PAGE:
Join our book club reviews: 'Mrs Robinson's Disgrace' by Kate Summerscale.
Mrs robinsons disgrace, book review, conversation, book club
Mrs robinsons disgrace, book review, conversation, book club

Join our books editor, Claire Rorke in a conversation about Mrs Robinson’s Disgrace – The Private Diary of a Victorian Lady, by Kate Summerscale.

Claire’s Review:

When Mrs Isabella Robinson began writing her most private thoughts and sensual feelings about a man 10 years her junior in a diary, she probably didn’t think her husband would find it – or that it would be used as evidence against her in divorce court.

The case against Isabella made particularly salacious reading in 1858 when divorce had just become more accessible to the middle class. The Robinson vs. Robinson case was one of the first to be heard.

The Robinsons broke up when Isabella was seriously ill and her husband (searching for money) discovered her diary, which provided a steamy account of the feelings she had for a long-term friend, Dr Edward Lane.

The newspaper reports of the divorce case were more risqué than any fiction work of that time and author Kate Summerscale’s book makes fascinating reading.

Had the case reached court just one year later, Isabella’s diary would not have been made public. By then, it was decided that some cases needed to be heard in private.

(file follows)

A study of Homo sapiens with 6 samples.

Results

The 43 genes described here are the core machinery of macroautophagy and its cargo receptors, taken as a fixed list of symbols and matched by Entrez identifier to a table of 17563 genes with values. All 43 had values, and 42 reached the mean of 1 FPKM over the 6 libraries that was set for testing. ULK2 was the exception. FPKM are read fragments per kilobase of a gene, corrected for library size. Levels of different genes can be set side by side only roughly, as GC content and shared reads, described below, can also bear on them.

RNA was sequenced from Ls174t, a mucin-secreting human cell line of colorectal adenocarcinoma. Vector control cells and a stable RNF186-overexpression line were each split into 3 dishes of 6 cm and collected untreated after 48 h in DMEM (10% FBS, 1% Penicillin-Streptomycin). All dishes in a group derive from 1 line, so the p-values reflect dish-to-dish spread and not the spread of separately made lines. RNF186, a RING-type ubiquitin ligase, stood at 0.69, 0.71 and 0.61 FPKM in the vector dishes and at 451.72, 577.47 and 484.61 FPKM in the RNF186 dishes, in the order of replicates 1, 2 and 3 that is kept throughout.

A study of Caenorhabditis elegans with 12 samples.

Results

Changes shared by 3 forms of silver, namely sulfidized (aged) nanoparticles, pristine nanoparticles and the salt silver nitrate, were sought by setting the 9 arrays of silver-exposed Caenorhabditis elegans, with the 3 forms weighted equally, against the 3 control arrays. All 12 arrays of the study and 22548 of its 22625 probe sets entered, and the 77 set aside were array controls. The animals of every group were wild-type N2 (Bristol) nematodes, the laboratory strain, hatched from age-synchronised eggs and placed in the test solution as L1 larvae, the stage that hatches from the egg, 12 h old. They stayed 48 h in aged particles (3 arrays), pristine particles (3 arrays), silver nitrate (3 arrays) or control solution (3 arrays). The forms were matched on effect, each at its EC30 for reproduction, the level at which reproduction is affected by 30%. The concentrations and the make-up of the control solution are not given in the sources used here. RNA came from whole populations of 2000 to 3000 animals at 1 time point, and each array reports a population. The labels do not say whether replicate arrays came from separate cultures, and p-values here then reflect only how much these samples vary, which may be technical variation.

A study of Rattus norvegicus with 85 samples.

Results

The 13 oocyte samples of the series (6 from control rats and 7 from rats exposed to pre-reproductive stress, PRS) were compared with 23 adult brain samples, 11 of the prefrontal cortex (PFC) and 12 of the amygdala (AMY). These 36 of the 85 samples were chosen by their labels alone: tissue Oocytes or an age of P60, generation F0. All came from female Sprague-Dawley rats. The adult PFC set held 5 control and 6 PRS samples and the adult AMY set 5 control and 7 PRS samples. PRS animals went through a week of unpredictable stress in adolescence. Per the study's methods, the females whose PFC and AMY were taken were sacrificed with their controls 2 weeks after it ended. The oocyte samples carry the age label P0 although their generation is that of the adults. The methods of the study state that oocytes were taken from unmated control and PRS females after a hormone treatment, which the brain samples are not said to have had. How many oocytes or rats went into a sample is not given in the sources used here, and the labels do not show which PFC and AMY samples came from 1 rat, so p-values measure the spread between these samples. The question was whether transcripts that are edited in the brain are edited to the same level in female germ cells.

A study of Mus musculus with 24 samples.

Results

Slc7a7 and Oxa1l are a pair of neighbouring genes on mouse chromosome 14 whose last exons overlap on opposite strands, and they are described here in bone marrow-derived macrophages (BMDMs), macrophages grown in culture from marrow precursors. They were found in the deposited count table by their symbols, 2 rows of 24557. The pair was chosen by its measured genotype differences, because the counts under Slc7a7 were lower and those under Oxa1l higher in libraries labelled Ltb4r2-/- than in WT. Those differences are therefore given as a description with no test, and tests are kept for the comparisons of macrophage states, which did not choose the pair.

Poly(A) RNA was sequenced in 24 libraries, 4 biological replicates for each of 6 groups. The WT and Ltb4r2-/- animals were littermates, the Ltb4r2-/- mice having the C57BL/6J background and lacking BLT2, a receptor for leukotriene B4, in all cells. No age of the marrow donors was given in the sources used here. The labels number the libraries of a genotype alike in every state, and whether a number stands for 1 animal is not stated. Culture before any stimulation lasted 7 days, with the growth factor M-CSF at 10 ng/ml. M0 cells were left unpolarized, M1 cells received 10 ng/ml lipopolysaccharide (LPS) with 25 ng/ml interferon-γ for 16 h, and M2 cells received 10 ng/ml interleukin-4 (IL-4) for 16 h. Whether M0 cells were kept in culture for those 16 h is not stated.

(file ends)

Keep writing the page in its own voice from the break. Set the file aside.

Isabella was a woman born before her time. She hated marriage and her husband Charles; when stressed, she’d smoke cigars and take refuge writing her depressive thoughts in her diary.

Understandably, her husband was furious to discover what she really thought of him and that Dr Lane was the true object of her affection.

He accused her of adultery but with only her diary as evidence, it was hard to prove.

Isabella, meanwhile, argued she had fabricated the romance and that she was prone to sexual delusion.

From our 2012 point of view, this “tissue of lies” defence feels quite hard to swallow. If the romance was made up, then surely Dr Lane would be a more worthy romantic hero; instead, he is cold, distant and dismissive of Isabella – all of which smacks of reality.

Mrs Robinson’s Disgrace provides a fascinating insight into the life of a 19th century wife and a scandal that rocked Victorian England.

Have you read ‘Mrs Robinson’s Disgrace’?  Join the conversation below!